The Habitat Cost of Green Energy

Bloomberg has an interesting article today on what solar and wind energy installations are doing to birds.

We’ve certainly known for a while that wind farms have a problem with birds flying into the turbines. In particular, raptors do this — the belief is that when raptors are hunting prey, they become so focused on tracking that they are oblivious to the presence of the wind turbines. Engineers have tried colors, patterns, etc. on the turbines, and none of it makes any real difference. As an aside, the Woodland Park Zoo has been actively involved in research to more definitively prove why raptors get killed by wind turbines, and whether anything can be done about it.

It turns out that solar energy, and in particular one kind of installation, also has a high rate of bird kills.  The Ivanpah facility, in the Mohave desert, is a prime example. It has an array of 300,000 mirrors, covering 3500 acres, focusing sunlight on three towers. Inside of those towers are liquid-filled pipes; the sunlight heats the liquid, which is then used to drive steam generators.

Sounds great, except that insects fly into the area — chased by small birds, in turn chased by raptors. If they fly into the wrong place, the result can be anywhere on the spectrum from minor injuries to outright incineration. By one report, this happens as often as one event (which could just be an insect, but also could be a bird) every TWO MINUTES. (morbid tidbit: they count “streamers” — when they see a puff of smoke near one of the towers, a sure sign that something just got incinerated).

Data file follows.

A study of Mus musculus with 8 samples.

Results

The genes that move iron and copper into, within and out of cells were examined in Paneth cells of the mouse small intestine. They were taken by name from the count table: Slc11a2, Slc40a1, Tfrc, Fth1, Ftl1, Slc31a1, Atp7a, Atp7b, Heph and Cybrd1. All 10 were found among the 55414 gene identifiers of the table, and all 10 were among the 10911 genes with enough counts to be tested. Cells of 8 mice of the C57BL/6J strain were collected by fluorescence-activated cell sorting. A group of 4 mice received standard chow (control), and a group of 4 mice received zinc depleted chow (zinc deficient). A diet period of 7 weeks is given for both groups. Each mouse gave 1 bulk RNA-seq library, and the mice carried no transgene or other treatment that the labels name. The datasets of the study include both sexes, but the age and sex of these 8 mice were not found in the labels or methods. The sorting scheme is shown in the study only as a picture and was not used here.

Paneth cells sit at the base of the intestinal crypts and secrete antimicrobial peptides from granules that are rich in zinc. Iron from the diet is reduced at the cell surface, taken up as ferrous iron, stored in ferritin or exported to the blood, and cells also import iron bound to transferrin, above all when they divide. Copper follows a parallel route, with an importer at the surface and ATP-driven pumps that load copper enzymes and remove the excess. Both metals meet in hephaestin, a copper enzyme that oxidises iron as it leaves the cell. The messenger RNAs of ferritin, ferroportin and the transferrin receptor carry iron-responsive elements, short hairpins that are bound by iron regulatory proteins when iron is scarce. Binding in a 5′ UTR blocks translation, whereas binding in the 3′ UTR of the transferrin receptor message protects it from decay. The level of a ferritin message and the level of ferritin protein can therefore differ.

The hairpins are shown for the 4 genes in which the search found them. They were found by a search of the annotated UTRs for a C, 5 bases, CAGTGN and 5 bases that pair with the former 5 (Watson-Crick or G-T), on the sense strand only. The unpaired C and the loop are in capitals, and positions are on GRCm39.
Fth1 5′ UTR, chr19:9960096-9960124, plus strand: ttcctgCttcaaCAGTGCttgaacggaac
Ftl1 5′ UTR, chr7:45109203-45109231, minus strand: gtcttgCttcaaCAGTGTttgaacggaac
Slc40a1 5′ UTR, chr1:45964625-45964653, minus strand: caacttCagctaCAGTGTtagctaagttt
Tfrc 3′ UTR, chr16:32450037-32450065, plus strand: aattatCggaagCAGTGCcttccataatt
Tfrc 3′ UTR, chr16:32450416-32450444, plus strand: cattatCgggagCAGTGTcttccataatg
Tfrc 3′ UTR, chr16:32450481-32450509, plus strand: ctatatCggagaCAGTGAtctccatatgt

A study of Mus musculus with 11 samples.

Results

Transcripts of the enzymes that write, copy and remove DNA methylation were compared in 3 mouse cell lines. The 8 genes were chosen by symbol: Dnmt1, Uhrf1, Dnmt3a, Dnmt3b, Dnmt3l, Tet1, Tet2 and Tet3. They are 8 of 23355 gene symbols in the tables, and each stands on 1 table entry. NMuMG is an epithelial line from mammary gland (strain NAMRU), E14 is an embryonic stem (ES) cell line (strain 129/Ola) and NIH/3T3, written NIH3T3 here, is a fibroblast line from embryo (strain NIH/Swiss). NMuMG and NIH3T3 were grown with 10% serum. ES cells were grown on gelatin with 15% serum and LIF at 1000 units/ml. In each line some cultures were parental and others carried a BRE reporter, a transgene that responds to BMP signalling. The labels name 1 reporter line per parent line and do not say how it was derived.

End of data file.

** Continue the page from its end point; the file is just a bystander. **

The report linked to above is actually a fascinating read, evaluating bird fatalities at three different kinds of solar generation facilities, with all sorts of observations about why the bird kills happen.  At one kind of facility, the large array of blue solar panels looks like a body of water from the air, and thus seems to be more attractive to water-based insects and migratory birds. The good news in this case is that simply painting the outer edge of each panel with a white border seems to diminish the effect and decrease the number of bird kills.

Classic black solar panels mainly cause bird injuries and deaths simply through impacts.  Though to put this in context: it’s estimated that around 600 million birds are killed every year in the United States by impacting glass panels (i.e. building windows).

While some measures have been suggested that will help a bit, it seems increasingly unlikely that we will find a way to radically reduce bird mortality around solar and wind installations, short of trying to remove the prey that the birds are hunting. And that, of course, has its own downside, since we will be reducing available habitat. Even the Mohave Desert is habitat for a whole web of wildlife.

Green power is a huge improvement over “dirty power” in so many ways, but it brings along with it a whole new set of problems that we aren’t close to solving.